Hearing Loss Solutions Help Decrease Dementia

Woman helping her father improve his hearing and cognitive health with hearing aids.

Susan is living the active lifestyle she always thought she would after retirement. At 68, she’s now been to over a dozen countries and has lots more on her list. On some days you’ll find her tackling a hiking trail with her grandkids, on others she will be volunteering at a local soup kitchen, and sometimes you will see her out enjoying the lake.

Seeing and doing new things is what Susan is all about. But in the back of her mind, Susan is concerned that cognitive decline or dementia could change all that.

Her mother showed first signs of dementia when she was around Susan’s age. Over a 15 year period, Susan watched as the woman who had always taken care of her and loved her unconditionally struggled with what seemed to be simple tasks. She’s becoming forgetful. At some point, she could only recognize Susan on a good day.

Susan has tried to eat a balanced diet and exercise so she could hopefully steer clear of what her mother experienced. But she wonders, is this enough? Is there anything else she can do that’s been found to delay cognitive decline and dementia?

Luckily, there are things that can be done to avert cognitive decline. Here are only three.

1. Exercise Regularly

This one was already part of Susan’s day-to-day life. She does try to get the appropriate amount of exercise each day.

Individuals who do moderate exercise daily have a decreased risk of cognitive decline according to many studies. This same research shows that people who are already coping with some form of mental decline also have a positive effect from consistent exercise.

Here are numerous reasons why scientists believe regular exercise can stave off cognitive decline.

  1. Exercise slows the degeneration of the nervous system that ordinarily happens as we get older. Without these nerves, the brain doesn’t know how to process memories, communicate with the body, or think about how to do things. Scientists believe that because exercise slows this breakdown, it also slows mental decline.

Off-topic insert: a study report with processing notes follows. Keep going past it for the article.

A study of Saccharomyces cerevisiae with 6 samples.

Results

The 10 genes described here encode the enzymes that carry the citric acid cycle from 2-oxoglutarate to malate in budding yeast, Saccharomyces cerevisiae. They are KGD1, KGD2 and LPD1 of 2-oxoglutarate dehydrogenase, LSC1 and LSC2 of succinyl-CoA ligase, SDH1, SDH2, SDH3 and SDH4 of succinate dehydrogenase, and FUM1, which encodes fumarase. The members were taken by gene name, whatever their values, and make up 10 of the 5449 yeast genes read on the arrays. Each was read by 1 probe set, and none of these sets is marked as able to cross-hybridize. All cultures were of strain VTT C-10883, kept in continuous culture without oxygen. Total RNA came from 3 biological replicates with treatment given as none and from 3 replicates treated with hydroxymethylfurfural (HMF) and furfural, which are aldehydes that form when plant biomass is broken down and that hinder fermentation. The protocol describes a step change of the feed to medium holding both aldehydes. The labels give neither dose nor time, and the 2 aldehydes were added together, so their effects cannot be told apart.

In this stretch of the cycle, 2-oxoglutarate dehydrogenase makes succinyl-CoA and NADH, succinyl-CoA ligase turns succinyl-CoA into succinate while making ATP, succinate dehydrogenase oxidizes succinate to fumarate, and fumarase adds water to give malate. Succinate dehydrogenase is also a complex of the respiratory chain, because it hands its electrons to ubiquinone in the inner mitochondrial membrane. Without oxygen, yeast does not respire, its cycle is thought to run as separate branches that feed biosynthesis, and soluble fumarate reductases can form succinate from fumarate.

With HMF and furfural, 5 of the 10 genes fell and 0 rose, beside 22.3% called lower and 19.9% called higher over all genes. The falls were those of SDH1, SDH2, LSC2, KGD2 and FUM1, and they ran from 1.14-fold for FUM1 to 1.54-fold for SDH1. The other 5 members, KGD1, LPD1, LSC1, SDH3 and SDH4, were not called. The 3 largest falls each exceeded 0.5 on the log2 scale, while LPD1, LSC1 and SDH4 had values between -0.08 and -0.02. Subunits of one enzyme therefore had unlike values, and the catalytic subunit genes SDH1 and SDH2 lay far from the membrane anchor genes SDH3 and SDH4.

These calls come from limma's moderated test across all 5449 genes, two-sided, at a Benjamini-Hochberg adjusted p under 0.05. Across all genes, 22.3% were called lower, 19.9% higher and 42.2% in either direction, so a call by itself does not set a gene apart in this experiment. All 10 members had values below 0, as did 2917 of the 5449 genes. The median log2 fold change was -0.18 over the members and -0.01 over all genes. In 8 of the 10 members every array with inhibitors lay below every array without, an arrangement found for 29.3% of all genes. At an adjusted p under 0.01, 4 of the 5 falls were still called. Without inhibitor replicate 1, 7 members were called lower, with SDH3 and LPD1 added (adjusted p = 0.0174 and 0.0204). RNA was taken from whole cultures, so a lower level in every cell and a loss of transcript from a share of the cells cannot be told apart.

2. Neuroprtection factors might be enhanced with exercise. There are mechanisms within your body that protect some cells from harm. These protectors might be created at a higher rate in people who get enough exercise.
  3. Exercise reduces the danger of cardiovascular disease. Oxygen and nutrients are carried to the brain by blood. If cardiovascular disease obstructs this blood flow, cells die. By keeping the vessels and heart healthy, exercise might be able to delay dementia.

2. Treat Vision Problems

The rate of cognitive decline was cut nearly in half in people who had their cataracts removed according to an 18-year study carried out on 2000 subjects.

Preserving healthy eyesight is important for mental health in general even though this research only focused on one common cause of eyesight loss.

Losing eyesight at an older age can cause a person to withdraw from their circle of friends and stop doing things they love. The link between dementia and social separation is the subject of other studies.

If you have cataracts, don’t just ignore them. If you can take steps to improve your vision, you’ll also be safeguarding yourself against the advancement of dementia.

3. Get Hearing Aids

You might be going towards cognitive decline if you have neglected hearing loss. The same researchers in the cataract study gave 2000 different participants who had hearing loss a hearing aid. They tested the progression of mental decline in the same way.

They got even more remarkable results. Cognitive decline was decreased by 75% in the people who received hearing aids. Essentially, whatever existing dementia they might have currently had was almost completely stopped in its tracks.

There are some likely reasons for this.

First is the social element. Individuals who have untreated hearing loss often socially seclude themselves because they struggle to interact with their friends at social gatherings and events.

Also, a person gradually forgets how to hear when they begin to lose their hearing. If the individual waits years to get a hearing aid, this deterioration advances into other parts of the brain.

As a matter of fact, researchers have actually compared the brains of people with untreated hearing loss to people who use hearing aids using an MRI. The brain actually shrinks in people with neglected hearing loss.

Clearly, your mental capability and memory are going to begin to falter under these conditions.

Stave off dementia by wearing your hearing aids if you have them. If you’re putting off on getting a hearing aid, even with hearing loss, it’s time to contact us for a hearing exam. Learn about today’s technologically advanced designs that help you hear better.



The site information is for educational and informational purposes only and does not constitute medical advice. To receive personalized advice or treatment, schedule an appointment.